America’s Independence Day seems a strange holiday to “celebrate” this year. Our country is in turmoil with racial protests in cities both large and small. Our government’s mismanagement of the COVID-19 pandemic has left our country first meriting the world’s scorn and eventually its pity. Our people are so polarized that even wearing a mask is viewed as a political statement.
Yesterday President Trump gave a speech in front of Mount Rushmore, a site where white Americans literally engraved their political heroes on top of the sacred hills of the Native Americans they displaced. In his speech he declared that this summer’s protestors – a group that includes me – are a “dangerous movement”, a “radical assault”, “far-left fascism”, a “left-wing cultural revolution designed to overthrow the American Revolution”, resulting in “the very definition of totalitarianism”.
Me? I’d just like to see some responsible leadership. I’d like to not have black people get killed by police at ridiculous rates. I‘d like to have more white people like me start coming to grips with how recent (and current) our racist systems were and still are. And I’d like us to start changing those systems.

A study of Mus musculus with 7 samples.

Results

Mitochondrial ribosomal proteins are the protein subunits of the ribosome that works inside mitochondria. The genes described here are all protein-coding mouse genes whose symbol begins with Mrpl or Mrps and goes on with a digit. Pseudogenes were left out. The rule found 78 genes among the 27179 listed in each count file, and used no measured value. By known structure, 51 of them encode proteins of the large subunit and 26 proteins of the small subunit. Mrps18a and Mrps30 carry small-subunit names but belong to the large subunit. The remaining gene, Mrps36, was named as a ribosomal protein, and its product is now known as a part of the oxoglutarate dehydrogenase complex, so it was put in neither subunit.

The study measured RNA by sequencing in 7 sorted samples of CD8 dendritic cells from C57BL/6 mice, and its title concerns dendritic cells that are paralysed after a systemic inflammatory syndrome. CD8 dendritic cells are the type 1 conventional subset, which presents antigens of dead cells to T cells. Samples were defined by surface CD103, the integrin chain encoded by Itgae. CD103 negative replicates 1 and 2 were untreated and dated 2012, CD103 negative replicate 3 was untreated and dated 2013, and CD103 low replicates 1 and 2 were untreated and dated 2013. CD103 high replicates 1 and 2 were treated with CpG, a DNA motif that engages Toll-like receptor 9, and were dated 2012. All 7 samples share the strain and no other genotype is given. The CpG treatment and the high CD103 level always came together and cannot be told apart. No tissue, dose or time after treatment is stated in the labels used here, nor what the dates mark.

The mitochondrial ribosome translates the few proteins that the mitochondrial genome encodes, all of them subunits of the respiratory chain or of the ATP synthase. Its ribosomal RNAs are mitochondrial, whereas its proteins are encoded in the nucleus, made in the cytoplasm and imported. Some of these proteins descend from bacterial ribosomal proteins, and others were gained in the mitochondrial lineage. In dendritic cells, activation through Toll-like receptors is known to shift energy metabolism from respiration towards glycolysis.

My Christian faith should be common ground even with those who see politics very differently. Yet this year there are so many, especially among the white evangelical group, who don’t even seem to share a common reality. Inconvenient facts are “fake news”. Any wrong that the President does is either overblown by the media or justifiable. (The ends are what are important, right?)
How can you sit quietly to maintain the perception of unity in the fellowship when it requires you to not talk about applying your faith to current events?
That thing where Jesus said he would set brother against brother seems a lot more real when your brother is so frustrated with your application of faith to your politics that he isn’t talking to you. But then I wonder whether he’s quoting the same verse thinking about me. And I wonder how we ever get past it.
There is no city fireworks display this year and I’m finding no joy in the neighbors’ best attempts to make up for it. Not so many Independence Days ago I would drag the kids out into the oppressive humidity and battle mosquitos just so we could enjoy the fireworks with oohs and awe. Tonight the explosions just bring acrid smoke and unwelcome noise late into the tired night.
What will next year’s celebration look like? What will we be celebrating? Will we be any less tired? Any more hopeful?
Too long have I had my dwelling among those who hate peace. I am for peace; but when I speak, they are for war.